Application of Guiding Principles
In an effort to ensure that MIT manages or eliminates Financial Conflicts of Interests, MIT has defined various actions or activities that either are not permitted or require prior approval.
Investigators may not:
- accept research sponsorship or gifts, in support of the Investigator’s Institutional Responsibilities from a for-profit privately-held Related Entity;
- subcontract to a for-profit privately-held Related Entity;
- negotiate with MIT on behalf of a Related Entity, or negotiate with the Related Entity on behalf of MIT;
- involve a student for whom the Investigator is a thesis supervisor in the Investigator’s Outside Professional Activities;
- divert research opportunities to a Related Entity, which are more appropriately undertaken at MIT, such as research sponsorship or other projects;
- promote the use of products or services of a Related Entity in the course of the Investigator’s Institutional Responsibilities; or
- engage in research involving human subjects that could reasonably be expected to affect the financial condition of a Related Entity.
An Investigator must obtain the prior written approval of the Investigator’s Department, Lab, or Center Head (e.g. Designated Official), and in appropriate cases, enter into a management plan, before the Investigator:
- accepts research sponsorship or gifts, in support of the Investigator’s Institutional Responsibilities from a publicly-held or non-profit Related Entity;
- accepts an in-kind gift from a publicly-held or non-profit Related Entity for use in his or her Institutional Responsibilities;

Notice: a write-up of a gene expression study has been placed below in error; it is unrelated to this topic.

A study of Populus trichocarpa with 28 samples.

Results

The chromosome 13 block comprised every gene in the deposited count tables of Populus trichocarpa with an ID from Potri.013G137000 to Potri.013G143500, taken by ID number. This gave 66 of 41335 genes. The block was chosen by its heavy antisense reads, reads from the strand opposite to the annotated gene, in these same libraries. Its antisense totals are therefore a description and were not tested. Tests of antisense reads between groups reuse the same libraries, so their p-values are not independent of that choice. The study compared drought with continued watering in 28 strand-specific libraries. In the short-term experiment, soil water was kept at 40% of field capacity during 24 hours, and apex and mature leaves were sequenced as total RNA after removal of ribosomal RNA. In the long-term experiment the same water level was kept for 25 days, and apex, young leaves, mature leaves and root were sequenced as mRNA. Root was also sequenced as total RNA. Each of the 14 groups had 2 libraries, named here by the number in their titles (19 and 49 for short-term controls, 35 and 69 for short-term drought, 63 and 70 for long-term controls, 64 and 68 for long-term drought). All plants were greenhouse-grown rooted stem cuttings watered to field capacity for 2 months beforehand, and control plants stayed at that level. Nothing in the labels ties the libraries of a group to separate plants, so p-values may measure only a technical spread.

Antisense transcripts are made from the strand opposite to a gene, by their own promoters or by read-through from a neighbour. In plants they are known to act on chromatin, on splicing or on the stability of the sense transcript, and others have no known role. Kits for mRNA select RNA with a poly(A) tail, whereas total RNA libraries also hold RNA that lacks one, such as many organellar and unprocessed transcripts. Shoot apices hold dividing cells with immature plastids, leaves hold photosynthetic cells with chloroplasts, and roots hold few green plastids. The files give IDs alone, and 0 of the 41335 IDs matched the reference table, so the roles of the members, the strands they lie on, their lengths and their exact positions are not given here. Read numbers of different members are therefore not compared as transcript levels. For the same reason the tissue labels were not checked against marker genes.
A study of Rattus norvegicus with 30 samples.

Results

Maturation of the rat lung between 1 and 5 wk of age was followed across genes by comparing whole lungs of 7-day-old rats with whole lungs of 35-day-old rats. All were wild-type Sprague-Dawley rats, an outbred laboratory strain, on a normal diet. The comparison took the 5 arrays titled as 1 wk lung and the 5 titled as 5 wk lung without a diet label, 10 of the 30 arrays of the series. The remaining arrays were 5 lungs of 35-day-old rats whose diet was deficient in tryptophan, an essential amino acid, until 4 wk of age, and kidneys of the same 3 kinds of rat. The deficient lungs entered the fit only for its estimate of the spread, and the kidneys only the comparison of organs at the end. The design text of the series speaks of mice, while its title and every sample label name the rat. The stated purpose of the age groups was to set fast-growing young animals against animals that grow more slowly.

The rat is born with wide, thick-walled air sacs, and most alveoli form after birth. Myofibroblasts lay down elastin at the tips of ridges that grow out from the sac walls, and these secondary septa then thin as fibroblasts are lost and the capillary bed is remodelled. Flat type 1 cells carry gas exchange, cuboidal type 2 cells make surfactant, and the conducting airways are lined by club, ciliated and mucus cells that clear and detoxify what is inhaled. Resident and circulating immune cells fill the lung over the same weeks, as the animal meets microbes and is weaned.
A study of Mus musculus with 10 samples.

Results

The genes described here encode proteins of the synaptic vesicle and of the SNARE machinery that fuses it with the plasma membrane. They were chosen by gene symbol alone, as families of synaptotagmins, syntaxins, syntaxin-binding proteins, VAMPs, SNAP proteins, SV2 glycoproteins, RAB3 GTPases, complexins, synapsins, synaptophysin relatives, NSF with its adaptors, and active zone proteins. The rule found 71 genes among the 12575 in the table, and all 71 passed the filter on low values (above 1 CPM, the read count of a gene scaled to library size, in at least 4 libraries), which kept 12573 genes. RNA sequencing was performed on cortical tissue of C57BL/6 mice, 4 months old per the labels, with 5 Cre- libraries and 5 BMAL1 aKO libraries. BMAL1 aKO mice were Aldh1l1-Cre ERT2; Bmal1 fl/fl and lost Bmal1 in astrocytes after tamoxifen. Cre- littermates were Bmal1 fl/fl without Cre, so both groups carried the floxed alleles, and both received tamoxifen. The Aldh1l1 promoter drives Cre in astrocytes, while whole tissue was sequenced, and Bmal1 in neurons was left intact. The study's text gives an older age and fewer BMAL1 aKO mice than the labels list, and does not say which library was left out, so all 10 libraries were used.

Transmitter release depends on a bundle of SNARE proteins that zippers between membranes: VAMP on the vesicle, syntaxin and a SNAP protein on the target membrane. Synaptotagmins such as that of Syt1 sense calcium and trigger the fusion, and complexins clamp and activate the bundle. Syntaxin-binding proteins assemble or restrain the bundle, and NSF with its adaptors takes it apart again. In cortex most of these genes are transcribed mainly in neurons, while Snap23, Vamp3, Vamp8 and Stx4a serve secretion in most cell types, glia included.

- accepts research sponsorship from a Related Entity from which the Investigator receives Remuneration (for example, it may be permissible for an Investigator to receive research sponsorship from a Related Entity for whom the Investigator consults if the Designated Official determines that the consulting scope of work and the research scope of work are separate and distinct);
- purchases goods or services from a Related Entity (for example, the Designated Official, in collaboration with Procurement, could determine that the goods and services are not commercially available from another provider);
- provides goods, services, or access to facilities to a Related Entity (for example, MIT may determine to make certain unique facilities available for use by outside entities, in which case a Related Entity could be entitled to use the facilities on the same basis as other entities);
- involves a student for whom the Investigator is not a thesis supervisor in his or her Outside Professional Activities, as an employee or consultant or in any other capacity (such involvement may be beneficial for the student, but the student’s educational experience must not be diminished or diverted);
- involves staff in the Investigator’s Related Entity’s activities;
- requests an appointment for an individual from a Related Entity to participate in research at MIT.